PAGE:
As manufacturers continue to develop new ways for products to slide, spin and swing, the application of the right kind of product ensures accessibility is, as it should be, par for the course.
There are four challenges in particular that can be met by the right product selection,
- Ability to access in the instance of manipulative impairment
- Opening and closing of drawers and cupboards with one hand
- Fridge access
- Limited clearance for cupboard door swing.
Easy access cupboards and drawers (and fridges)
Push to open functionality is a valuable consideration for instances of manipulative impairment. Not only does it allow for one-handed access, it often requires substantially less strength and control than a conventional pull handle.
This function can be found in both cupboard and draw systems, and alongside an effective soft-close, cupboards and draws can be open and closed with relatively little influence from the user. This is an obvious gain for accessibility.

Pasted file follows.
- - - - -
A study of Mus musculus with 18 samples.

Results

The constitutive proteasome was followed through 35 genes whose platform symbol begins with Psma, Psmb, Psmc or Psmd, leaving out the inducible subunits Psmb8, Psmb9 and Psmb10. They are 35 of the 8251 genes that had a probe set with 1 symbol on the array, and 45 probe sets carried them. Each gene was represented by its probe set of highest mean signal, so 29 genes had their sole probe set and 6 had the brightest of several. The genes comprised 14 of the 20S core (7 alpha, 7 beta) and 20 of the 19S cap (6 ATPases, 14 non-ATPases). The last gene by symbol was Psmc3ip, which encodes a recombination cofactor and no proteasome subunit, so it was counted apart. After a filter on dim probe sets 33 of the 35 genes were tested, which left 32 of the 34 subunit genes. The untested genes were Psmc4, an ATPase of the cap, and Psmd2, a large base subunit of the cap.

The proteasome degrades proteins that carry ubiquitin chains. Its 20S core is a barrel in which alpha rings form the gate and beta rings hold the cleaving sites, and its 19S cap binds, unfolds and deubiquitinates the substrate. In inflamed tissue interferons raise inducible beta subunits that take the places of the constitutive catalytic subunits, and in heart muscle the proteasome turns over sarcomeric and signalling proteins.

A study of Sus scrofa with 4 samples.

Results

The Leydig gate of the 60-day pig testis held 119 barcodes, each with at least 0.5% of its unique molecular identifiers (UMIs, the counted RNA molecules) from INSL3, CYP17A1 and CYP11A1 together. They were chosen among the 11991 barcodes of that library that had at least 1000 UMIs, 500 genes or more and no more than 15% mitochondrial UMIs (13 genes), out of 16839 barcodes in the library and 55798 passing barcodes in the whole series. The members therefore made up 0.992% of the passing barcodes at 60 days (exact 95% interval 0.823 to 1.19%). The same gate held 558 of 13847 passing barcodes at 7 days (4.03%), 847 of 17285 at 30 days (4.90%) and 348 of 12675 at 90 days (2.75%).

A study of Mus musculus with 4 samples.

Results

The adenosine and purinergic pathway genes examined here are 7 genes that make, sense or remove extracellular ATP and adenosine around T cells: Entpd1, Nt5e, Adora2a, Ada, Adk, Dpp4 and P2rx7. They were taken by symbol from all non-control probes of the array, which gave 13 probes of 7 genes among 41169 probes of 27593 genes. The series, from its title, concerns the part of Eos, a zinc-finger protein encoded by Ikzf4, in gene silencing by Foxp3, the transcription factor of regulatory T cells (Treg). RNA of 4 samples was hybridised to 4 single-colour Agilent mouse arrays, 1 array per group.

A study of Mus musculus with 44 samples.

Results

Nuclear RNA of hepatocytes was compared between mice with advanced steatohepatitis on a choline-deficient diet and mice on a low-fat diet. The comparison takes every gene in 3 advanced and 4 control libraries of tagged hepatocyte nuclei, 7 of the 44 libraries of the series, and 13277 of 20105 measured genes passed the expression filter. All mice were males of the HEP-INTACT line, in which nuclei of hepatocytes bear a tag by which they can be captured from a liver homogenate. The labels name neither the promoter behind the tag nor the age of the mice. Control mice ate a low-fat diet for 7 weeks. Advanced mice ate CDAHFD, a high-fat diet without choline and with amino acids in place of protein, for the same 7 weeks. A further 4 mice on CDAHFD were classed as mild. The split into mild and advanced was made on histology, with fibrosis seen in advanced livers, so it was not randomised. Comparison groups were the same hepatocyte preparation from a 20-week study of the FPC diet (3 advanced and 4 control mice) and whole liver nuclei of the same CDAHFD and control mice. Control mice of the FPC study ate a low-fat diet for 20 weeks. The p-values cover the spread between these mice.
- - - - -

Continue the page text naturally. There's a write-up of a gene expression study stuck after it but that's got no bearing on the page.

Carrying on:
Look for solutions that can be retrofitted on existing cabinets, used with built-in fridge freezers, to maximise opening angles and longevity. A combination of available product hardware should enable designers to apply push to open systems with soft close to every kind of cabinetry in the home.
Reduce (or remove) door swing
Utilise sliding or bi-fold doors where possible to reduce the clearance required for door swing and allow the most manoeuvrability in small spaces.
Again, the benefit of a sliding or folding door is the ability to open and close with relatively little force from the user when coupled with a push to open and soft close in the smallest of spaces.
A good choice in hardware offers a broad range of design solutions for an accessible kitchen that meets New Zealand building standards while maintaining a high design aesthetic for the homeowner.